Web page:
Saint Ignatius High School

Church and State

Today's Lesson from Loyola Hall uses the current hearings for Amy Comey Barrett's nomination to a federal judge's post as a starting point for asking where Catholicism's voice falls in America.

“I am a Catholic. As far as possible I go to Mass every day. This is a rosary. As far as possible, I kneel down and tell these beads every day. If you reject me on account of my religion, I shall thank God that He has spared me the indignity of being your representative!”
One could never imagine the Edwardian Era in the United Kingdom as a time of great openness to the Catholic – or as they would say, the R.C. – point of view, yet the above quote was instrumental in the election of Liberal Party member Hilaire Belloc to the House of Commons for South Salford in Greater Manchester.
Belloc was responding to a heckler in a crowd who asked him if he was a “papist.”  Taking out his rosary and proclaiming how important his Catholic faith was to him actually did him no political harm as the voters, few of whom were Catholic, respected his forthright statement and his clarity of conscience.
This week, in a country that would see itself as much more enlightened and progressive than early Twentieth Century England, a woman nominated to be a federal judge was told that her serious adherence to the Catholic religion was making the members of the Senate Judicial Committee feel “very uncomfortable.”
The problem that Sen. Dianne Feinstein has with Amy Coney Barrett isn’t that she is a Catholic per se; the problem is that Catholic “dogma lives loudly within” her.  Read between the lines: my problem with you is that you take your Catholicism seriously, and this may make you sympathetic to deciding cases in favor of a “Catholic” way of thinking.  To put this more bluntly: I don’t want any judge on the court who personally disagrees with Roe v. Wade – what Feinstein has called a “super-precedent.”  One might ask the senator from California, “Who is it whose dogma lives loudly within her?”
For those unfamiliar with Amy Coney Barrett, she is the Diane and M.O. Miller Research Chair of Law at the Notre Dame Law School where she has twice been selected as “Distinguished Professor of the Year.”  She clerked for Supreme Court Justice Antonin Scalia. She is married to U.S. Attorney for Northern Indiana Jesse M. Barrett, and they have been blessed with seven children.
I don’t know if Senator Feinstein is a fan of baseball, but I am guessing that these three strikes are enough for her to want to send Professor Barrett back to the dugout.
The poorly named Alliance for Justice believes that Professor Barrett’s “extreme views make her unfit for the federal bench.”  Among her extreme views is “that life begins at conception.”  It seems that according to the Alliance for Justice no pro-life judge should ever be appointed.  Even more chilling than that conclusion is the apparent belief of the Alliance that a pro-life stance must be based on religious faith and not on any sort of rational basis.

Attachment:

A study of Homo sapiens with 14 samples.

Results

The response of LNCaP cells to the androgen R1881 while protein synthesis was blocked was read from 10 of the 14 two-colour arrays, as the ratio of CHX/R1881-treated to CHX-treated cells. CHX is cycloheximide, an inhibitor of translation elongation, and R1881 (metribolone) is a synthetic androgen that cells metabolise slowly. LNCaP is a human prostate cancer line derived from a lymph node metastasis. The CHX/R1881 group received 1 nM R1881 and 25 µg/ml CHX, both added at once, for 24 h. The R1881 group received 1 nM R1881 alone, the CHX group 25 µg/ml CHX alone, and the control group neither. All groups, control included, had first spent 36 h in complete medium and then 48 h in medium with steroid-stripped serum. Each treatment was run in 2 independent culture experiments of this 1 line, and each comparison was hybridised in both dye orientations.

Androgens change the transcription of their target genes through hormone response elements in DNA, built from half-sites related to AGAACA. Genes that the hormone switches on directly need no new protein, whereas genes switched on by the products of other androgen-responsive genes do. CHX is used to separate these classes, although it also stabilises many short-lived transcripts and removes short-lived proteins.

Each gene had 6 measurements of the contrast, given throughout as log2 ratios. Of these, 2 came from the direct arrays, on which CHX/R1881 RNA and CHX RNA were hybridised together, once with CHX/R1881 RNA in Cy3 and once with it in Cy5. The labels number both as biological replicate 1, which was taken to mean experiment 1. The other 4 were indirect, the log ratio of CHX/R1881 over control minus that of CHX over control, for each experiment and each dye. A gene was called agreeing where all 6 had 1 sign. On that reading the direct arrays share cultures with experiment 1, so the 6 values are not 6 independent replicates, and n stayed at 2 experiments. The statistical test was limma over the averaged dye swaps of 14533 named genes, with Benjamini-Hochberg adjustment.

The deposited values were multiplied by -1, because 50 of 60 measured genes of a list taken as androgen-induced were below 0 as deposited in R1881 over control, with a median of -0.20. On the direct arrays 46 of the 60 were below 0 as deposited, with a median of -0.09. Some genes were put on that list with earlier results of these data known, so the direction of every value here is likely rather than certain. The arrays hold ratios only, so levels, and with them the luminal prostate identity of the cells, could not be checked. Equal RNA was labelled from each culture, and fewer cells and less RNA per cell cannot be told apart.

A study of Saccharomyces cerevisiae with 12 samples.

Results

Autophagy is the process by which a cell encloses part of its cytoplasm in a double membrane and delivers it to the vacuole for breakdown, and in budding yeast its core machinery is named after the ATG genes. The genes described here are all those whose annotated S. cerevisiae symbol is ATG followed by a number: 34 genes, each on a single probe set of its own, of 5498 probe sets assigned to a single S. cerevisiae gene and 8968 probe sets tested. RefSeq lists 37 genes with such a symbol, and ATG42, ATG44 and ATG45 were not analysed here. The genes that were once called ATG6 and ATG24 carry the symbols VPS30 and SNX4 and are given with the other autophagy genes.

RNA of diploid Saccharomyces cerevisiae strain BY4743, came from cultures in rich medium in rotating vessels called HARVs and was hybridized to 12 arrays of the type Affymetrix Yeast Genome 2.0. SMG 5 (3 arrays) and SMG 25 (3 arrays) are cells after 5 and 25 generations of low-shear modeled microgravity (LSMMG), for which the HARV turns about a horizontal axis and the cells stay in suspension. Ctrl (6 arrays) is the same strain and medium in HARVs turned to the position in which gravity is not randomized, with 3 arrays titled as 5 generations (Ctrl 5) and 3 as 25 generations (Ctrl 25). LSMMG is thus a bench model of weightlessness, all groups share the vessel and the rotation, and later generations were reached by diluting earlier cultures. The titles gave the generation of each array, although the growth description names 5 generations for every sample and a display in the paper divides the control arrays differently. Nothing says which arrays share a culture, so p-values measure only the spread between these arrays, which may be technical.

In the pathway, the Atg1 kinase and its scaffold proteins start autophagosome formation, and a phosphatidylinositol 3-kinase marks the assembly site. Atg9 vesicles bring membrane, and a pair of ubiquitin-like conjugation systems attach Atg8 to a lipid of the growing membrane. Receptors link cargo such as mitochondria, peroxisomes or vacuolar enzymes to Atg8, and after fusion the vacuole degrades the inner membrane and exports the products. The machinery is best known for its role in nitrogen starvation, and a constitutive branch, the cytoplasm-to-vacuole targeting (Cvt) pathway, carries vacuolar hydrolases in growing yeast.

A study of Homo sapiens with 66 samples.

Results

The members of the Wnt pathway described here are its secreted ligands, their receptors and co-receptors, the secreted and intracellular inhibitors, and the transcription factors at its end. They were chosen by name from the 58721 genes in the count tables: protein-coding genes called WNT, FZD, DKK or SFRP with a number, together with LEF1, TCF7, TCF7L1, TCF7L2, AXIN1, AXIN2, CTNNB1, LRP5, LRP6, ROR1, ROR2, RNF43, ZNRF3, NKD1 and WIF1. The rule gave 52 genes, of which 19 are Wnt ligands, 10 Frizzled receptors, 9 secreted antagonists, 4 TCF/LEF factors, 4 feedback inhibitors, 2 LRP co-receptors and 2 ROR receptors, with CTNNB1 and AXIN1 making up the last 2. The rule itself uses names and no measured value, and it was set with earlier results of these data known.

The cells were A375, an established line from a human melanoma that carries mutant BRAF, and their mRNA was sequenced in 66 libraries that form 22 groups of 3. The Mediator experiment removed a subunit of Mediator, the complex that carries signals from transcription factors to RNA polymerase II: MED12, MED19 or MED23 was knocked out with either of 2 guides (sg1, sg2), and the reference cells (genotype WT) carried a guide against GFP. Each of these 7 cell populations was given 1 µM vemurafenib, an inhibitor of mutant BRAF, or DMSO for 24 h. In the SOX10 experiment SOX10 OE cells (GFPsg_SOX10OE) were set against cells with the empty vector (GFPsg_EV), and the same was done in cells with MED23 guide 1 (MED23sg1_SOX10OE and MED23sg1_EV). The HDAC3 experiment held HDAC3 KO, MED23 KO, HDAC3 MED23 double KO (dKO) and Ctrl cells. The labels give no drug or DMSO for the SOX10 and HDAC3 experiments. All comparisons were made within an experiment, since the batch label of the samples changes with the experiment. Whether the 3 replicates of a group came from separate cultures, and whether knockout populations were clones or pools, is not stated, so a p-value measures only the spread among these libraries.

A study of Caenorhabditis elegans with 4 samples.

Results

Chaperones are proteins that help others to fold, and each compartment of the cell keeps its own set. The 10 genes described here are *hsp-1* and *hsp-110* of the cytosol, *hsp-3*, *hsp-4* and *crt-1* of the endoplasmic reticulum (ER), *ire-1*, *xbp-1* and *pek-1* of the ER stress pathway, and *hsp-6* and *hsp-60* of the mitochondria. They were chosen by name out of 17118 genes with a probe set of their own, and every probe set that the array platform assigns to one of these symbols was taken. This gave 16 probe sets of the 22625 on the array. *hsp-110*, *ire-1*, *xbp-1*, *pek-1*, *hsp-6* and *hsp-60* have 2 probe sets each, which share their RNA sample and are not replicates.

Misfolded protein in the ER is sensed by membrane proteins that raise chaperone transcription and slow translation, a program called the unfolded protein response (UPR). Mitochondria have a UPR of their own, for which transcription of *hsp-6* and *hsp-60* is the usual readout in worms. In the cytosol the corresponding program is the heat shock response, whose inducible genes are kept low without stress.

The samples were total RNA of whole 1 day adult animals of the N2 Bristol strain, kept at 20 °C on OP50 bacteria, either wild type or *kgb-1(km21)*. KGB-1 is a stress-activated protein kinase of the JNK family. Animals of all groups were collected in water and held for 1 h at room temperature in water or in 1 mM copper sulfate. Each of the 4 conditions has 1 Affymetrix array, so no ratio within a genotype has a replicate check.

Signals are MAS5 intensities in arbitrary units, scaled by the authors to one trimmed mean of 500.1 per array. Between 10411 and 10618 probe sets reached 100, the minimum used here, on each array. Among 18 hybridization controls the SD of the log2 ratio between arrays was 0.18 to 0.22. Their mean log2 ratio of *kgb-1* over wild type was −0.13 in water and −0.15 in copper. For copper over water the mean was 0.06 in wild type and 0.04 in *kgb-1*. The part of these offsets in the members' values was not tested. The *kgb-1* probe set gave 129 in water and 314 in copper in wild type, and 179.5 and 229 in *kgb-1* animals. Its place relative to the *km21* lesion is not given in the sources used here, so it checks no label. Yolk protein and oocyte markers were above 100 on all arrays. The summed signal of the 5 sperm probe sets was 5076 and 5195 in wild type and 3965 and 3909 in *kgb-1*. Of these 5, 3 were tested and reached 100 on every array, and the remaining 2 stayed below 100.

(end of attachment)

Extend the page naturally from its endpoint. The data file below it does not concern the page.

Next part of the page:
One might wonder how the Alliance would have looked at judges who, based on their religious beliefs, thought that Dred Scott was a poor legal decision. Would the Alliance for Justice tolerate the kind of religious narrow-mindedness that helped to abolish slavery?
The position of Catholics in America has always been tenuous at best.  We have never been trusted to be “real” Americans, perceived as moles for some old man in Rome.  This suspicion kept Al Smith from being a competitive candidate against Herbert Hoover in 1928, and John F. Kennedy’s election in 1960 needed the boost of his reassurance speech to Baptist ministers in Houston to push him over the finish line – defeating Richard Nixon by less than two-tenths of a percent of the popular vote.
This suspicion has also led many of our co-religionists to see themselves as Americans who just happen to be Catholic rather than Catholics who just happen to be American, to the detriment of the unity of the Catholic voice in America as well as to America itself.  All too often, Americans who just happen to be Catholic, as a way of conforming to their surroundings, buy into the American vision that religion is a merely private affair. 
When religion hides in the closet then ideology always wins, and Americans who happen to be Catholic somehow vote for those who denounce Catholicism in the name of one of America’s only absolutes, “reproductive rights” – a phrase that abuses the English language like no other.
Let us hope and pray that the anti-Catholic bigotry – a bigotry that courses through the body politic in America – on display during the hearings concerning her nomination does not keep Professor Barrett from being appointed to the U.S. Court of Appeals for the Seventh District.  But once appointed, we can be certain that she will serve us well – as a Catholic who just happens to be an American.